Chandrashekhar Azad slams SP in ruling out alliance, but doors are shutting on him

The Azad Samaj Party leader further said that they are likely to contest the election on their own if the “divided” Opposition is not united.

Written by Amil Bhatnagar | New Delhi |
Updated: January 16, 2022 12:01:12 am
Chandrashekhar Azad (File)

Accusing Akhilesh Yadav of “insulting” him and sidelining the Scheduled Castes, Dalit leader Chandrashekhar Azad announced on Saturday that his Azad Samaj Party (ASP) won’t be forming an alliance with the Samajwadi Party for the coming Assembly elections. At a press conference soon after, Akhilesh claimed there was a “conspiracy” behind how the talks had failed.

Addressing a press conference in Lucknow, Azad said talks with Akhilesh had gone on for more than a month. “At the end of one month and 10 days of discussions, I realised that Akhilesh Yadav doesn’t need Dalits. In this alliance, he doesn’t have space for Dalit leadership. He just wants Dalits to vote for them,” Azad said.

In return, Akhilesh said that he had held talks with SP ally RLD to ensure that two seats, Rampur Maniharan and Ghaziabad, were set aside for the ASP, in Azad’s presence. “Both seats were given. After that, he (Azad) called someone and then told me that he will not fight the elections. He said his sangathan (organisation) was against it… We don’t know who the person on the phone was. This is a conspiracy,” the SP chief said, adding that this is why the party had decided not to take in any more leaders from other parties.

Several leaders from the BJP and other parties have joined the SP in the past few days, and it is now facing the prospect of multiple contenders for seats.

Calling himself a disciple of Kashi Ram, “who made Netaji (SP supremo Mulayam Singh Yadav) a leader”, Azad said they had always been apprehensive about whether an SP government would exploit the Dalits. “In the last two days (since he met Akhilesh), Bahujan society has been insulted,” he said. “Dalits, Pasmandas and all other marginalised and backward classes are supporting Akhilesh because they believe that social justice will be done. I now feel that Akhilesh has not yet understood the meaning of social justice.”

Azad claimed Akhilesh had refused to give concrete answers on issues raised by the ASP, including ending the deadlock over reservation in promotion for Dalits and backward classes.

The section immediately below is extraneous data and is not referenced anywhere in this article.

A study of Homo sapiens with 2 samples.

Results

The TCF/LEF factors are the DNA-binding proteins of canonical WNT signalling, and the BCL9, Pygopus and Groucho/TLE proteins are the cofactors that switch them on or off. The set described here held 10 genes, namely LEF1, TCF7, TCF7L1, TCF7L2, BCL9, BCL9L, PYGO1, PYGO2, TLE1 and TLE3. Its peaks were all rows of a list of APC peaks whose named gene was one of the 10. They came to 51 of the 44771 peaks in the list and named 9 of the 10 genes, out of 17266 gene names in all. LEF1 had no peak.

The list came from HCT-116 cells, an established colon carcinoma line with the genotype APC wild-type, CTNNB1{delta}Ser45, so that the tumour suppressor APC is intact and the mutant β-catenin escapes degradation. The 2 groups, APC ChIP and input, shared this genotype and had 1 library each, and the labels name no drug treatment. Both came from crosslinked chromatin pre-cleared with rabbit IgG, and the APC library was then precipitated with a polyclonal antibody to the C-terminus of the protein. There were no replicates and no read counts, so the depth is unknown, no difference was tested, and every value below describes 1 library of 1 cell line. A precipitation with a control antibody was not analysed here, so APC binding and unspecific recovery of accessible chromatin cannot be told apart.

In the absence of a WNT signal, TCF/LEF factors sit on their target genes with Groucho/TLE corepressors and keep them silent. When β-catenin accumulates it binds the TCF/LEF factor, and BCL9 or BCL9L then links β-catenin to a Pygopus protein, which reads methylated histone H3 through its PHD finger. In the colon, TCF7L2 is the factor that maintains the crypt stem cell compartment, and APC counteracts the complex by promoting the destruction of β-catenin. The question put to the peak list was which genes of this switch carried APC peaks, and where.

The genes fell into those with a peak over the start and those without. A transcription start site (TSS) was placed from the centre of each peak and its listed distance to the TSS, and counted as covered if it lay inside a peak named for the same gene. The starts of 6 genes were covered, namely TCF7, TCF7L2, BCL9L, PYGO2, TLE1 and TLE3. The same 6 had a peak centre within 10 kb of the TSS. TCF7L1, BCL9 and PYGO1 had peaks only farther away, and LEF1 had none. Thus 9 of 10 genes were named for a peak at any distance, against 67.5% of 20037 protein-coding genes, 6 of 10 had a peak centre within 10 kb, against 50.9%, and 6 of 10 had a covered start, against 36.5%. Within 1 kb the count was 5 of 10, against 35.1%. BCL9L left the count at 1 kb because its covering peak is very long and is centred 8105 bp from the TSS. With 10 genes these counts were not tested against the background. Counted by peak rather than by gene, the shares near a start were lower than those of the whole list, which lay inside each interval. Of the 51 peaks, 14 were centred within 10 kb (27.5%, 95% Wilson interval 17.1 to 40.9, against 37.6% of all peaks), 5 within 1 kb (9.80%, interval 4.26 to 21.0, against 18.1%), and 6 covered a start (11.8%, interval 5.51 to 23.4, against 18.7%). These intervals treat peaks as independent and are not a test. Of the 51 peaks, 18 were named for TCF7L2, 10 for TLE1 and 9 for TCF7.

He said that going in for talks, it was at the back of his mind that the SP chief had failed to visit the house of any Dalit who had faced “exploitation” under the BJP government. Despite this, Azad said, the ASP expected Akhilesh to respond like an “elder brother” towards them.

Azad also said that the ASP would contest on its own if the “divided” Opposition did not get united.

Azad has a strong base in the Saharanpur area of Western UP, where the Bhim Army led by him has been long working for Dalits. He first made national news in 2017, leading Dalit protests over violence between the community and Thakurs in Saharanpur. His participation in the anti-CAA protests and his long incarceration by the Uttar Pradesh government further cemented his position as an articulate youth leader of the Dalit community.

For two years now, when he announced the Azad Samaj Party, Azad has been trying to convert that into a leap into politics. While his natural partner was considered to be the BSP, Mayawati is seen to be wary of Azad’s appeal. Among other things in his favour is the fact that BSP founder Kanshi Ram fought his first electoral battle from Saharanpur, his bastion. Mayawati had slammed Azad’s participation in the anti-CAA protests in Delhi, accusing him of “defaming” Dalits.

In 2020, the ASP fought its first elections — a bypoll for the Bulandshahr Assembly seat, and two Assembly seats in Bihar as part of an alliance – though it didn’t register a win/ Last year, it contested the zila panchayat elections in Muzaffarnagar, and six of its candidates won.

Ahead of the Assembly polls, Azad had spoken about the importance of “a collective Opposition to beat the BJP”. It also gave out feelers to show it was open to an alliance with both the Congress and SP, and said even the BSP was not unwelcome should it “share the ASP’s vision”. However, Azad failed to reach any tie-up with anyone.

At a rally in Bulandshahr in November, Congress leader Priyanka Gandhi Vadra virtually said party workers did not want a tie-up.

With the Congress, BSP and SP releasing their first list of candidates, it seems all doors might be shut on Azad.